Sextortion case raises warning for parents
The Indiana man facing charges in what prosecutors call a widespread internet sextortion case went before a federal judge Wednesday afternoon.
Investigators say 39-year-old Richard Finkbiner of Brazil, Indiana coerced at least two 14-year-old boys he met in an online chat room to send him sexual pictures, then used the pictures to try to blackmail them into performing sex acts on a webcam.
Detectives believe there could be many more victims because of the thousands of images found in the man's home.
At the heart of the investigation is an online chat site known as Omegle.com. Anyone can use it to exchange texts and video, and police say that's where Finkbiner met many of the victims.
Mary Grimes-Szymczak took time from her busy waitress job to talk to us about why her children are not allowed to chat with online strangers.
"Could be giving them information about their names, what school they go to and they could stalk them and eventually come to your house," she said.
There are literally thousands of websites for children to make new friends. Some of them, like Omegle.com, will do the introductions. Omegle encourages users to "talk to strangers."
This is the same website federal investigators reportedly found that sextortion suspect Richard Finkbiner had used.
Investigators say he used this website to coerce hundreds of people, including minors, to send him sexual content.
The stranger introduced to us online immediately asked if we were male or female. After indicating we were a 15-year-old female, the stranger immediately started asking questions that were sexual in nature.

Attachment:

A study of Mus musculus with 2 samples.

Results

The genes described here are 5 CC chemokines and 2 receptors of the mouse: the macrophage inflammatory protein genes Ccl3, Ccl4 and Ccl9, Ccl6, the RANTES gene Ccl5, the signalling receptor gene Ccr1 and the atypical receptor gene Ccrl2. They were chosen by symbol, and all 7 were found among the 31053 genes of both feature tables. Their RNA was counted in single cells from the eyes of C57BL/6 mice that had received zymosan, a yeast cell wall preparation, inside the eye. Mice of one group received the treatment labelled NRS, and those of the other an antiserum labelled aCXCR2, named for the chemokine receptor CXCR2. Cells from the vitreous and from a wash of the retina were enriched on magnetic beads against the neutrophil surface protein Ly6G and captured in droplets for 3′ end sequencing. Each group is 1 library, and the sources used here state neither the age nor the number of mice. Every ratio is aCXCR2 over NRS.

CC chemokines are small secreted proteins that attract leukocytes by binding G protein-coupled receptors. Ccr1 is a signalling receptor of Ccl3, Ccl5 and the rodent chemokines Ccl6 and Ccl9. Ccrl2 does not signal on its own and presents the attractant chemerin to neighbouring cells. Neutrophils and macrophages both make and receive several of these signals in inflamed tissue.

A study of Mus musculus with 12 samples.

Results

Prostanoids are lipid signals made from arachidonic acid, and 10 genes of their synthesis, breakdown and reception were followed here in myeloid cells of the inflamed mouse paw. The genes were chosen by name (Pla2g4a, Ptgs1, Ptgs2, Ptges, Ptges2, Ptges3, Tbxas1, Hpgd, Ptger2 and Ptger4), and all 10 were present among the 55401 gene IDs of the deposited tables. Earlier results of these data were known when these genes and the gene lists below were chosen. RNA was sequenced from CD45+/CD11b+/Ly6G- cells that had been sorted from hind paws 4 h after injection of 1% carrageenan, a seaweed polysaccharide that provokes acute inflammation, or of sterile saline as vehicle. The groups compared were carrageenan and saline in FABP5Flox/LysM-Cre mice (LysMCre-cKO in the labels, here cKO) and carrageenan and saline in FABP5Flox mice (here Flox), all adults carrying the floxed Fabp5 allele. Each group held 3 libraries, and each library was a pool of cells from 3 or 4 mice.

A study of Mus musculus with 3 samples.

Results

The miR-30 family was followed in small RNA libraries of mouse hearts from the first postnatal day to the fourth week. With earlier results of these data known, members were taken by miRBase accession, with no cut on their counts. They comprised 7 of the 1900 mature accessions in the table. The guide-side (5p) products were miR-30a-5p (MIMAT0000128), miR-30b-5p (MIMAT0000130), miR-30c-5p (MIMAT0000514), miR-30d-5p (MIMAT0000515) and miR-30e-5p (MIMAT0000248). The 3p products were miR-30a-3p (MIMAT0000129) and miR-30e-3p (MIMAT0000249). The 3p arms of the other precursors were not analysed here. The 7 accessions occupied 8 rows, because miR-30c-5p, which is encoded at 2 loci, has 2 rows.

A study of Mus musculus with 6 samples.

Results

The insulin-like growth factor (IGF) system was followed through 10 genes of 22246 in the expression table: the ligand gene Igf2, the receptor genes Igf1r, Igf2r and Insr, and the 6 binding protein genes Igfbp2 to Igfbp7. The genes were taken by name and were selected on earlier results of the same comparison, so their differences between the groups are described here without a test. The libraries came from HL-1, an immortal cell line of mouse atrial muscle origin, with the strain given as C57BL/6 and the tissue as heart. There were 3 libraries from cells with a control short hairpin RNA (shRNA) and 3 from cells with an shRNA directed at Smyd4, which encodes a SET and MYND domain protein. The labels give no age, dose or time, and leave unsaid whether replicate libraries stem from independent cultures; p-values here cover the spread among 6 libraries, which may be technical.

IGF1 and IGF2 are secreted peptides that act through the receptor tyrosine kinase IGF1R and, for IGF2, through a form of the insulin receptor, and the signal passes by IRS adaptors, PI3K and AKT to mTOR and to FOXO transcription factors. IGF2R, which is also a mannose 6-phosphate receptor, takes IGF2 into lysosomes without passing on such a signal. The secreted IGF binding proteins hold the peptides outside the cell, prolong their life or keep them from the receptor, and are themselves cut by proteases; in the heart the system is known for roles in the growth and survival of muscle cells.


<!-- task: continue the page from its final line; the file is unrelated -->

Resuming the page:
"Our advice to parents is to stay very involved with your child's life and make sure you know who they are talking to when they are on these online chat networks," said Tim Horty, US attorney spokesperson.
The Indiana State Police have a criminal intelligence unit which investigates online predators. Investigators say your child should only chat with people online that they know in real life.
"That helps make it more difficult for an online predator to get access and insinuate himself into your child's life," said Lt. Chuck Cohen, Indiana State Police Criminal Intelligence.
Since Mary monitors her children's every online move, she's doing exactly what cyber cops say every parent should do.
"You have to monitor your children. Something terrible could happen and you would never forgive yourself," she said.
Criminal Intelligence investigators advise teaching your children never to give personal information in any chat room. Many chat rooms also have ways for you to report suspicious activity.